A Scott Is Chasing a Brit

Golf: Faldo leads at Riviera, but McCarron has consecutive eagles in round of 64 to join Stadler one shot back.

March 02, 1997|THOMAS BONK | TIMES STAFF WRITER

It's a simple game, that golf, especially the way Nick Faldo plays it. For instance, there is his description of his pre-shot routine just before he putts.

"I follow the nice, get-on-with-it routine," Faldo said. "Just get up and hit it."

Truly these are words to live by, especially when the next thing that happens is a ball rolling in a hole.

After three days at the Nissan Open, no one has put his golf ball into the golf hole in fewer strokes than Faldo, whose third-round 68 on a sunny Saturday provided him with a one-shot lead when the final round begins today at Riviera Country Club.

Faldo's 54-hole total of nine-under-par 204 is a single shot better than defending champion Craig Stadler, who is trying to win again with a give-away putter, and Scott McCarron, who is trying to win with a putter that's almost as long as the line for buses after Tiger Woods finished playing.

Stadler massaged a 68 out of Riviera despite the fact he hit exactly one of the last 10 fairways.

McCarron's round of 64, the best of the tournament, featured successive eagles, which hasn't happened on tour in three years.

Thus McCarron jumped into today's last group, where Stadler and Faldo are naturally going to be the main attractions.

McCarron said he doesn't intend to be intimidated, especially by Faldo, whose stony stare could probably freeze air.

"I just won't look at him," McCarron said.

Faldo is the guy everyone else is looking at from behind, which is not exactly an unusual sight for a player with six major championships to his credit.

If it's unusual sights you're after, go with the golf ball Faldo hit that rolled underneath a portable toilet in Friday's round. Of course, this means that with a victory today, Faldo can go from the outhouse to the penthouse.

Though 54 holes, Faldo has been a model of efficiency with only three bogeys and one double bogey.

He birdied the first three holes Saturday to take the lead from Don Pooley, who finished with a 75. When Faldo birdied the seventh by wiggling in a four-footer, his lead was three shots.

Even though Faldo played the last 11 holes with 10 pars and one bogey, it didn't matter, at least not to him. He said he was still playing aggressively, but the putts didn't go in.

"I couldn't quite keep adding to it," he said. "The shots were there. But it was a good day, all in all."

Not everyone could say that. Despite holing out for eagle on No. 10, Scott Hoch could manage no better than par and is three shots back, tied with Tom Purtzer at six-under 207. Another shot back are Mark O'Meara, Fred Couples and Robin Freeman.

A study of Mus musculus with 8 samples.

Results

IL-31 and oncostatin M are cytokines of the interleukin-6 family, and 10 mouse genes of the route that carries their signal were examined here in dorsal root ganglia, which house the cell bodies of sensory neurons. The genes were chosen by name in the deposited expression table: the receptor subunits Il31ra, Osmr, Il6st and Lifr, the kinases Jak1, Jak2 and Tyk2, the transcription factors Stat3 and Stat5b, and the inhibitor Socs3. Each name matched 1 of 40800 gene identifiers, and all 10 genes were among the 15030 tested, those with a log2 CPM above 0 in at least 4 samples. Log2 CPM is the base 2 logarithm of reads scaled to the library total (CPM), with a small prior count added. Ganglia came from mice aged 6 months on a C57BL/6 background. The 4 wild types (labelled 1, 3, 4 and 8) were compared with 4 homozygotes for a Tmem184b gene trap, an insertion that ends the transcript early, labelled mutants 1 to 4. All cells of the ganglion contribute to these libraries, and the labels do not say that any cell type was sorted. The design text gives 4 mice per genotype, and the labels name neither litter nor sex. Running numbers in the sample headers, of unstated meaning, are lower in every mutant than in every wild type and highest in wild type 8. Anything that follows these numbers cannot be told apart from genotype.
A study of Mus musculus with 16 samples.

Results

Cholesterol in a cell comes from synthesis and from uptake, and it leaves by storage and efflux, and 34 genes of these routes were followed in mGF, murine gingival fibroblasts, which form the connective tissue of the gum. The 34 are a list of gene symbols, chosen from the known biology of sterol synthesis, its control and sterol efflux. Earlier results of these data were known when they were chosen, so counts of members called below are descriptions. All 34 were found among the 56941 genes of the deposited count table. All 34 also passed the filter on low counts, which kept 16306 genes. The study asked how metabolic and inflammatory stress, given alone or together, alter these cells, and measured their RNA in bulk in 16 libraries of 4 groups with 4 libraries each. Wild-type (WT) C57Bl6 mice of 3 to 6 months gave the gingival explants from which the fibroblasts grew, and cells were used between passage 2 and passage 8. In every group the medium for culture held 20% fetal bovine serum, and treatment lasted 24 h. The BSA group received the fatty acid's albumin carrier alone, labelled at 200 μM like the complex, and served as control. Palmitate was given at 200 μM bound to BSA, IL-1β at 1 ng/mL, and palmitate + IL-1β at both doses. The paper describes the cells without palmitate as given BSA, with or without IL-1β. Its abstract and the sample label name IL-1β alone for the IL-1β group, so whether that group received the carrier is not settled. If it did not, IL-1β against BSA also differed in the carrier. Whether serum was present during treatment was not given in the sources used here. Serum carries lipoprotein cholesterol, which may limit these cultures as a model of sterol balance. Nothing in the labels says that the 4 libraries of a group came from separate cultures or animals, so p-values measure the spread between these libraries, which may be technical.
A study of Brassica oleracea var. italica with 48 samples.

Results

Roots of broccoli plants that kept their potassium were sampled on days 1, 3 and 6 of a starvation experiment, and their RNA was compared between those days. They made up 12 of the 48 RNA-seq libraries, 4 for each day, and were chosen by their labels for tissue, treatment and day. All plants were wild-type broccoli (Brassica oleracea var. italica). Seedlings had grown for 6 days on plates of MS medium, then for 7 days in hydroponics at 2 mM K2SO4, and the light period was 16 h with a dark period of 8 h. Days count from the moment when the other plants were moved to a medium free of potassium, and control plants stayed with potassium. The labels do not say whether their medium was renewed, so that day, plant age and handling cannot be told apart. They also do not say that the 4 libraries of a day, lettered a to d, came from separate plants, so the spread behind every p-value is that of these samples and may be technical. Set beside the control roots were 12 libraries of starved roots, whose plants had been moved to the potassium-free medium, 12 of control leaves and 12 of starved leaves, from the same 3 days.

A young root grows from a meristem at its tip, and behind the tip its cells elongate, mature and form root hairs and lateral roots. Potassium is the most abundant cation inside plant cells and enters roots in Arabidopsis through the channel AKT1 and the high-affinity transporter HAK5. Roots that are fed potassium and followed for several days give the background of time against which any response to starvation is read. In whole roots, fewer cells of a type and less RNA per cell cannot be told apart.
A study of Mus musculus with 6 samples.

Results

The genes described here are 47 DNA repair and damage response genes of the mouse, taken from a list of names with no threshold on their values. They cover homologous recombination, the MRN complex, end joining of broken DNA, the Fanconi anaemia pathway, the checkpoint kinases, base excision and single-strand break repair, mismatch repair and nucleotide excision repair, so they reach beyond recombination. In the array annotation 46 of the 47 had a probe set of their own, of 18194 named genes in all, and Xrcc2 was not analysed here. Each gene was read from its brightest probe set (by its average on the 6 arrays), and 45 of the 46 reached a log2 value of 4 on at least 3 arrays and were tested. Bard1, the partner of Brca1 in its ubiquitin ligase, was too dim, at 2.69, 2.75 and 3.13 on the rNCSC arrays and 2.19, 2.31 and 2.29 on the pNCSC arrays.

Searching for his third consecutive victory, O'Meara found a 72 instead. Ted Tryba had a 74, Tom Watson a 76.

Woods is tied for 29th at one-under 212 after he finished with a 72 and prompted a full-scale exodus of many in the crowd of 39,129.

McCarron, one of 13 first-time winners last year, followed something of an unusual path to the PGA Tour: He quit golf.

After finishing at UCLA in 1988 with a degree in history, McCarron went into the golf apparel business with his father in Sacramento for four years.

Then he went to a senior tournament and felt like playing again. No, he didn't come back as a senior, but he did come back using a putter nearly as long as a flagstick.

McCarron cut the head off a three-wood and jammed the shaft onto the shaft of a putter after adding some sand for weight and sticking some gum in there so it wouldn't rattle.

"It felt good as soon as I started using it," McCarron said.

After that, things just sort of fell into place. He got his tour card for 1995 at qualifying school, won the Freeport McDermott Classic in 1996, finished 10th at the Masters and wound up No. 49 on the money list with $404,329.

And all the while, McCarron was busy using a long putter. The 49-inch model he's using now comes in handy.

"It's also good for killing snakes and I can use it for a rake in the off-season," he said.

Apparently, the best thing that happened to McCarron is that he didn't forget to stick an eight-iron in his bag.

On No. 10, he chipped in from 45 feet with his eight-iron for eagle, then ran the ball through the fringe into the hole from 25 feet on No. 11 for another eagle. He missed a third back-nine eagle when his putt on par-five No. 17 stopped an inch short.

So McCarron needed five shots on two holes to move from three under to seven under.

Besides that, he developed a deeper appreciation for a certain golf club.

"I'm gonna be sleeping with that eight-iron tonight," McCarron said.